Ephrata Livestock Sale Pays Off for Youth Exhibitors

10/5/2013 7:00 AM
By Jessica Rose Spangler Reporter

EPHRATA, Pa. — Whether it was their first year or last, 4-H and FFA members gave the 2013 Ephrata Fair a thumbs-up after the annual livestock sale, which grossed $44,085 on 77 lots.

“It was great,” 15-year-old Brittany Keener, of Ephrata, said post sale. “I was surprised at how well I did.”

Brittany, a sophomore at Ephrata High School, showed two Southdown wethers at this year’s fair. Never having been in 4-H or FFA before, she thinks her first year went wonderfully.

“I liked it a lot and I had more fun than I thought,” Brittany said.

As a freshman, Brittany enrolled in an animal science class taught by Cloister FFA adviser Sarah Quigg. During that class, she discovered a new passion — lambs.

To properly illustrate the lambing process, Quigg brought in a pregnant ewe, and the students got a first-hand look at bringing lambs into the world and all of the care they need. Brittany was hooked.

But not coming from a farm background and living in a residential neighborhood, she never thought she’d be able to have sheep of her own. Realizing her passion, Brittany’s parents, Brent and Bonita Kenner, surprised her with two sheep for her 15th birthday.

The sheep are housed near their home, on the property of a neighbor. Over the past year, Brittany has become a Cloister FFA member and learned quickly about all the chores and time commitments required of raising animals.

She said she plans to save the $600 she earned from the sale of her lambs and use it to purchase more lambs for next year’s fair.

While Brittany was all smiles at the end of evening, she wasn’t alone.

Sisters Hannah and Sierra Zimmerman were busy showing off their pearly whites to attract buyers for their combined 12 animals — lambs, hogs, goats and dairy beef.

The daughters if Sarah and Jay Zimmerman of Clay, Hannah, 10, and Sierra, 12, are responsible for a lot of the daily chores to care for their animals.

“My sister and I delivered all the sows’ babies this year,” Hannah said, adding that pigs are her favorite of all the animals they show.

“We have a little bit of everything on the farm — lambs, goats, pigs and a few dairy beef,” Sierra said. “No chickens, but we have horses too. We get up at 5:30 before school to do all the feeding and make the bus by 7:40. Then when we get home, we have to feed again.”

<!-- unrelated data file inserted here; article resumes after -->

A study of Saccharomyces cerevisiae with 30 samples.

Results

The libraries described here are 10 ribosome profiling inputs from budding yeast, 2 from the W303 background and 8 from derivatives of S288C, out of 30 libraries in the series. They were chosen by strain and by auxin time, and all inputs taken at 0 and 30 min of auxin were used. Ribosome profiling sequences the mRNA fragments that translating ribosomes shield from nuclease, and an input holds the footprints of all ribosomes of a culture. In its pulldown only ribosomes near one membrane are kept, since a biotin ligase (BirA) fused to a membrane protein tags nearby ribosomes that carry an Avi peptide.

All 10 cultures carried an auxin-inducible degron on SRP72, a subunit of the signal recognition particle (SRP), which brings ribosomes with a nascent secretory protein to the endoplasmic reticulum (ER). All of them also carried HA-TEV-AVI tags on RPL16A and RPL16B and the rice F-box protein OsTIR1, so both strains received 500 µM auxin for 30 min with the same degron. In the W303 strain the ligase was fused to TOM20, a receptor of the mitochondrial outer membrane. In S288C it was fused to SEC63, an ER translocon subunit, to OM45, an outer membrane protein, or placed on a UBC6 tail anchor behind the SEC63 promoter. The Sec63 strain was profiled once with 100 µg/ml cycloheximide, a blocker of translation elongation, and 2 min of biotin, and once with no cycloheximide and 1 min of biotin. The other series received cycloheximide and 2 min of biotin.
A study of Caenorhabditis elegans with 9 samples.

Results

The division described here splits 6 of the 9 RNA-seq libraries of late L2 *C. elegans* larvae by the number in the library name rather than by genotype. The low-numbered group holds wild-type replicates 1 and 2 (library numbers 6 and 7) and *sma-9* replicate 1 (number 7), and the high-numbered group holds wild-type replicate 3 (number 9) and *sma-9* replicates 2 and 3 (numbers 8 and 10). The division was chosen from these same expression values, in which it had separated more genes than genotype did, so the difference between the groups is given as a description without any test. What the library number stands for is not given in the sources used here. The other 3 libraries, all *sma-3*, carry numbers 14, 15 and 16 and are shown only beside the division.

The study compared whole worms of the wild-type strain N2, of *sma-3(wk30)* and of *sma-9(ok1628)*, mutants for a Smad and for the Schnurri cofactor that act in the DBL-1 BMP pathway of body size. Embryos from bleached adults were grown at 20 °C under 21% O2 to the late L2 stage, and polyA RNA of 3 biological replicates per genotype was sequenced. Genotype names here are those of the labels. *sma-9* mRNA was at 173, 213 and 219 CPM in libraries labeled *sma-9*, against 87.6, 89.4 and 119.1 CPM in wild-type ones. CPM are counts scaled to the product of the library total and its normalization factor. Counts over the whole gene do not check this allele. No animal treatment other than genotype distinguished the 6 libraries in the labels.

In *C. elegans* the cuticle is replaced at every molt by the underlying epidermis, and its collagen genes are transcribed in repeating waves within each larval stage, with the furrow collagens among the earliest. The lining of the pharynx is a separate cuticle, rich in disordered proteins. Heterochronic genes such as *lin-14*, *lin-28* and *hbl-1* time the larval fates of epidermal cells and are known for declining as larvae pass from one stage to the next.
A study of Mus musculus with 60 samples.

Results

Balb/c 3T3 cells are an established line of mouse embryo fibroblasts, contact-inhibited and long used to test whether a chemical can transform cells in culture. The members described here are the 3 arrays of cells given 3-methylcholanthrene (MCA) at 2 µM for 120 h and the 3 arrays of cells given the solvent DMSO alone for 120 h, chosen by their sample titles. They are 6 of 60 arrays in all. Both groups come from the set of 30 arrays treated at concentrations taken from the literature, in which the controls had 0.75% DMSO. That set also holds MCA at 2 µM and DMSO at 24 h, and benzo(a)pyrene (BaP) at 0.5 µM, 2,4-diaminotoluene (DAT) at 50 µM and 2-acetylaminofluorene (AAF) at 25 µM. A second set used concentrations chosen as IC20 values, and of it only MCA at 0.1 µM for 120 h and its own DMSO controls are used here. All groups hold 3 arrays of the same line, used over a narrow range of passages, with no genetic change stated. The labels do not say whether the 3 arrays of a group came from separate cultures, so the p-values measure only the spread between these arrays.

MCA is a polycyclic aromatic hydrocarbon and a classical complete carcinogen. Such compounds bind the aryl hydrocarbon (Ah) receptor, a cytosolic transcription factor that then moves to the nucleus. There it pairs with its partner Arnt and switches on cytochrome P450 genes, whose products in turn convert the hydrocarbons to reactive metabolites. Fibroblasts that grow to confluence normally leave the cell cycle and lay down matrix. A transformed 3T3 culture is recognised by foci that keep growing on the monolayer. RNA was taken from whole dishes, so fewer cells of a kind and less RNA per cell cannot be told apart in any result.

The Zimmermans exhibit livestock at the Pennsylvania Farm Show, the Lancaster County Round-Up, Denver Fair and New Holland Fair, in addition to Ephrata.

Sierra showed the grand champion market goat, which was purchased by Aevidum Financial Services for $575. She also owned the reserve grand champion market swine that sold for $700 to Snavely’s Mill.

Jaralyn Zimmerman, 18, of Stevens, ended her final year as a 4-H’er by owning the grand champion dairy beef, which sold for $1,700 to Hess Mills. She plans to use the income from the sale of her steer, Duke, to help pay the feed bills she racked up raising him and the other animals she and her sister, Jade, keep at their grandma’s farm.

Other champions included Jade Zimmerman’s — a different Jade, not Jaralyn’s sister — reserve grand champion market goat, which sold for $435 to Brown’s Auto Parts. Jade also owned the grand champion market lamb, which went to Fulton Bank for $450.

Her sister, Jayme Zimmerman, owned the reserve grand champion market lamb, which sold to Cloister Restaurant for $375.

Hannah Gockley’s reserve grand champion dairy beef went to Ephrata National Bank for $1,600.

The brother-sister duo of Jenna and John Leturgey owned the winning meat rabbit pens. Jenna’s grand champion went for $260 to Long’s Solar Systems. John’s reserve grand champion was sold for $200 to Sensenig’s Feed Mill.

In his final year as a youth showman, Matt Mitchell owned the grand champion market swine. It sold for $550 to Blue Lake Builders.

Besides livestock, youth could also exhibit dairy cattle at the Ephrata Fair. This year’s supreme champion was Reich-Dale Hurley Silence, a 4-year-old Jersey owned by Jared Wetzel, 17, of Manheim.

Because of missing so much school for other dairy shows this fall, Wetzel opted to go to class on show day, allowing his younger sister, Jenna, 10, to lead Silence around the ring.

The dairy entries were not for sale; exhibitors took them home after the fair.

Before Thursday night’s sale got under way, Baron “Boots” Hetherington, special agricultural adviser to Gov. Tom Cobett, was on hand to present an Outstanding Fair Ambassador award to Eleanor Hartranft.

Hartranft has been involved in the fair since she was 14. Having grown up on a fruit farm, she has been in charge of the apple display and has spent 60 years as a fair volunteer, 33 years on the fair board, and 25 years as the domestic exhibits chairwoman.

She’s still the vegetable chairwoman this year, Hetherington said in his presentation.

“I’ve really enjoyed doing it all these years,” Hartranft said. “I’m going to miss it a lot, but it’s time to retire.”

State Rep. Gordon Denlinger presented a check to Ephrata Fair President Galen Kulp for $18,445 to symbolize the money the board received from the state for the 2012 fair.

With a funding increase this year, Hetherington said he believes the state will award Ephrata around $25,000 to help pay the bills for the 2013 fair.